Didier Badjeck: Amnesty Must Stop Basing Findings on Social Media

Njikwa — "As I am talking to you, I do not know where my mother is, neither do I know where my brothers or my sisters are." 

After the attack, armed separatists claimed on social media they had occupied Njikwa. Shu Canicius Numfor, Cameroon's highest government official in the area says the fighting scared the population and thousands escaped to the bushes for their lives.

"We are struggling to get in connection with the Fons [chiefs] of the nine villages so that they should talk to their people that they should have confidence in the forces of law and order [military] who are here to guarantee their security. The government is in place, the forces of law and order are there to continue with routine activities," he said.

Njikwa is just one locality in which Amnesty International says civilians are caught in a deadly escalation of violence between the military and separatists seeking an English-speaking state.
Army Violence in Cameroon 

Amnesty says Cameroon’s military has responded with arbitrary arrests, torture, unlawful killings and destruction of property. It says in one striking incident, satellite images and other photographic evidence it obtained show the complete destruction of the village of Kwakwa.

The village was burned to the ground by Cameroonian security forces following an operation conducted in December 2017 in connection with the killing of two police officers by suspected armed separatists.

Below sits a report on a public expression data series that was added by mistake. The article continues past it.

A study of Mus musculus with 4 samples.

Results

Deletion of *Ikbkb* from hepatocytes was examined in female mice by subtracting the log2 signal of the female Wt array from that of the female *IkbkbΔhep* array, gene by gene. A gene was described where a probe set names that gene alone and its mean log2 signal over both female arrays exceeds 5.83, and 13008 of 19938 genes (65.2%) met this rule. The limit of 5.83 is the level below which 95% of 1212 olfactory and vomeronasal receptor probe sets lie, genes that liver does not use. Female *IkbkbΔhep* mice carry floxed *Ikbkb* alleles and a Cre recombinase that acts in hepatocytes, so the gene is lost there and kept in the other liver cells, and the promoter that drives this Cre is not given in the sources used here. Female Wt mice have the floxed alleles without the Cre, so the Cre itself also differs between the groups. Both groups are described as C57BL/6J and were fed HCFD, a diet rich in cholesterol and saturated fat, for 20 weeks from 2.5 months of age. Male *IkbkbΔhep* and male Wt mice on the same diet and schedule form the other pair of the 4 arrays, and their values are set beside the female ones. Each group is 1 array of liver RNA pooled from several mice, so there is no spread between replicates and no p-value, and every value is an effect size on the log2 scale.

Military spokesperson colonel Didier Badjeck has described as unfounded, allegations that the country's soldiers are using excessive force on the population and separatist fighters who for the most part are using locally made guns.

He says Amnesty should stop basing its findings on what is published on social media and go down to the affected villages and bushes. He says the reports persist in demonizing the Cameroon defense forces and that Amnesty should note that, the state of Cameroon as any other state in the world has the right of legitimate defense.

He says in spite of the derogatory report, the military will remain professional as they have been.

Unrest began in Cameroon in November 2016 when English-speaking teachers and lawyers in the northwest and southwest began calling for reforms and greater autonomy. They marched on the streets, criticizing what they called the marginalization of English speakers by French speakers.

The government responded with a crackdown and massive arrests and detention of suspects and a three-month internet shutdown. Separatist groups joined together and started calling for the independence of the English speaking from the French speaking regions.

The government said the fighters torched schools and killed at least 44 police and military personnel.

The separatist's leader Ayuk Tabe Julius was arrested along with dozens of his collaborators in Nigeria and extradited to Cameroon. They have not been seen in public since January and their followers have used social media and vowed to paralyze the country until Ayuk Tabe and 47 others are released.

More than 70 villages have been torched and the United Nations reports that hundreds of thousands have fled for their lives to the bushes and towns in the French speaking regions. At least 20,000 have crossed over to Nigeria. Two hundred have died and hundreds are missing.